GoT’s political science lesson


The finale of Game of Thrones moved at a snail’s pace and was mostly anticlimactic, but it featured an amusing scene in which VIPs from the Seven Kingdoms gathered to choose a new ruler. The bookish Samwell Tarly argued that the people should decide — the common people, that is — but the others merely chuckled at his suggestion.

“I don’t blame ’em for laughing,” Swamp Rabbit said as we watched the show. “You never know who might come to power if you leave it up to the peeps.”

I told the rabbit to hush, the show was supposed to be an escape from real-world politics and other depressing subjects.

But he was right, I added. We live in a country where the people decide who rules, and this time the people — with the help of the antiquated electoral college system — chose an orange hog monster who’s working hard to become our first dictator.

The rabbit clucked at me. “Sounds like you ain’t got no faith in them institutional norms I keep hearing about.”

I asked him what the norms were, just to see if he knew. In so many words, he told me that norms in politics were rules and conventions that ensure a basic level of civility and functionality in government. Norms are essential to the checks-and-balances system. Norms help keep the three branches of government co-equal.

I scowled at him. “Norms do nothing but hide the flaws in the Constitution. It took a lowlife like Trump to prove once and for all that norms are no substitute for laws, not when it comes to the presidency.”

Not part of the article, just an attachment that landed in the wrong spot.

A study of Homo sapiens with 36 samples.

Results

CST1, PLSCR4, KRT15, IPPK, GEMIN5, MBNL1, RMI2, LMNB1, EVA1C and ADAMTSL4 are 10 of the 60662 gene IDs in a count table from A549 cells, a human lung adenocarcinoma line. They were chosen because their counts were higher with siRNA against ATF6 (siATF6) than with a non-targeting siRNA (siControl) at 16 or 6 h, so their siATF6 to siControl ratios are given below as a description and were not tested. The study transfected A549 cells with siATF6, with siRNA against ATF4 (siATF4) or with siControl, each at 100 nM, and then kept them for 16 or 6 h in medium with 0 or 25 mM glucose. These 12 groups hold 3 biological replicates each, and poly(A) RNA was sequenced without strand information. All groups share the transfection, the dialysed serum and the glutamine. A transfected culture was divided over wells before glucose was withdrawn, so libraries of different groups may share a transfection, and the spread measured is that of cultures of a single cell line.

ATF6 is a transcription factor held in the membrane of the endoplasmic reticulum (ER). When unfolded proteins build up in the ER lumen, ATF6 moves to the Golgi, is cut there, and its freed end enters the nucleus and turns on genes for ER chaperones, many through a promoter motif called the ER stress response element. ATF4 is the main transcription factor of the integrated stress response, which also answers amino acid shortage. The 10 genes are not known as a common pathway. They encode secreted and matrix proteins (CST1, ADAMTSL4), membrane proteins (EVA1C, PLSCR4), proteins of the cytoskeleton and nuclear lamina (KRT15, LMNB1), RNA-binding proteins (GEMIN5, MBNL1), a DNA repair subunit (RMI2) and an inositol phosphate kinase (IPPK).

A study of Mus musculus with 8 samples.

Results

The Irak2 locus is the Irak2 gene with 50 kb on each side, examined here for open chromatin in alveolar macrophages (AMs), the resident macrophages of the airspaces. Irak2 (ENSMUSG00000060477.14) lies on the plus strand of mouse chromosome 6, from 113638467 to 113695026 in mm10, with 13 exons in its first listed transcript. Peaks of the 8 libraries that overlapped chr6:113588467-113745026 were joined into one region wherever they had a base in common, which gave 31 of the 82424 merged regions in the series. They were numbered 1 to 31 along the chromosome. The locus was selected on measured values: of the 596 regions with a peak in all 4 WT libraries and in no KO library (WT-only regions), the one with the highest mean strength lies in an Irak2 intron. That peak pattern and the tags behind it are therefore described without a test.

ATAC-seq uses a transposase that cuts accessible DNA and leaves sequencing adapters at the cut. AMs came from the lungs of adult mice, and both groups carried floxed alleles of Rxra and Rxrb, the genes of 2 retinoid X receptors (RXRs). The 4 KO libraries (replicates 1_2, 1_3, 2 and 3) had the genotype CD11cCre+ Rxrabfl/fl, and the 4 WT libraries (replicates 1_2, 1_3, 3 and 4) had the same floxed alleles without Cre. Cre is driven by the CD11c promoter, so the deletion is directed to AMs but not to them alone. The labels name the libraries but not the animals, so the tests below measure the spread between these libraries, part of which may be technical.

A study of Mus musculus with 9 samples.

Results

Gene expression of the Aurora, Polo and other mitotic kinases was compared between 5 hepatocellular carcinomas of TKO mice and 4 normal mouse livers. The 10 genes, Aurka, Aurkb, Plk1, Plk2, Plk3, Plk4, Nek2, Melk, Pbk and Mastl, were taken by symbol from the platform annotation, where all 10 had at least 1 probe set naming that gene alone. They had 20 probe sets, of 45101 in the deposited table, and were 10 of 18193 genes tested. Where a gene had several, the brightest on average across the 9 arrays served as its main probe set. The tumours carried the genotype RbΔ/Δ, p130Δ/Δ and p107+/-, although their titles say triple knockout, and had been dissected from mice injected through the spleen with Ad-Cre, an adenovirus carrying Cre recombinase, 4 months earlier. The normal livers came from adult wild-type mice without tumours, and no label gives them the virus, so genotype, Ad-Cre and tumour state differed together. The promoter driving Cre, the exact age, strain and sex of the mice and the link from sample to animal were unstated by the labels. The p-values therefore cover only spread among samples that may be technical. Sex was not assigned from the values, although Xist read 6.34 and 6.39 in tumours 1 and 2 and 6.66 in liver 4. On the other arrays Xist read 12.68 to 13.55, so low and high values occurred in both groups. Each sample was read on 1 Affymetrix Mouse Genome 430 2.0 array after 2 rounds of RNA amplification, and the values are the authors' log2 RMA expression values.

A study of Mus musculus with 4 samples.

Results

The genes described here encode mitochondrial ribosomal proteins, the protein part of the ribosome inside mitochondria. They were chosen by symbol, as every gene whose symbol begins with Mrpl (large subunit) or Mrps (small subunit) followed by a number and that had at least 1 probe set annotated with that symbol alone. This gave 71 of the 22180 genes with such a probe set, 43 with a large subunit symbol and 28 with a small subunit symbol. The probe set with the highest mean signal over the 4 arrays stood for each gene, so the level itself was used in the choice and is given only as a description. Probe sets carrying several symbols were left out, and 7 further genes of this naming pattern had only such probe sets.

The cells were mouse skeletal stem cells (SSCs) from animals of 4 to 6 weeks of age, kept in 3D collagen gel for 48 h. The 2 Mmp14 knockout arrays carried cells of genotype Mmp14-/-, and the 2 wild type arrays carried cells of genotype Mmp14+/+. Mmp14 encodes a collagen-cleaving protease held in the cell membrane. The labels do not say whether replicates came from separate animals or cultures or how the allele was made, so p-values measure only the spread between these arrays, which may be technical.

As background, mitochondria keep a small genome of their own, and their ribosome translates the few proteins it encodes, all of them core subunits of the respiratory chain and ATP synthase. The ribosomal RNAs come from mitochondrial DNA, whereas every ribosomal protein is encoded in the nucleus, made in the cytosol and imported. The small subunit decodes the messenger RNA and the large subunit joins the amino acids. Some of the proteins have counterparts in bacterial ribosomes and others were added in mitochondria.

He clucked again. “You’re agreeing with me, Odd Man. Who woulda thunk it.”

I told him I was just stating the obvious. Norms can’t compel a president to disclose his tax returns, or divest himself of businesses that he owned prior to being elected, or refrain from firing important federal officials who might reveal something damning about his conduct in office.

And so on. Trump wants to establish his own norms. He wants to make it normal for a president to appoint a crooked attorney general and to prevent staffers from obeying congressional subpoenas and to threaten nuclear war.

The rabbit said, “The scary thing is that the peeps who elected Trump, and half of the peeps in Congress, are cool with him becoming a dictator, or a tyrant. Whatever you want to call it.”

“The people make big mistakes sometimes,” I countered. “Can you think of a better way to choose a leader?”

We watched the part of the TV show where the VIPs decided their next ruler should be a paraplegic who hardly ever speaks and spends much of his time in a dreamworld.

“There you go,” the rabbit said. “Them VIPs figure Bran Stark is the safe bet.”

I scowled again. “A small group of royals settle on a lame, kooky teenager to be their chief. This is your idea of a good system for choosing a leader?”

The rabbit shrugged. “He’s a kook, but at least he ain’t likely to turn into a tyrant.”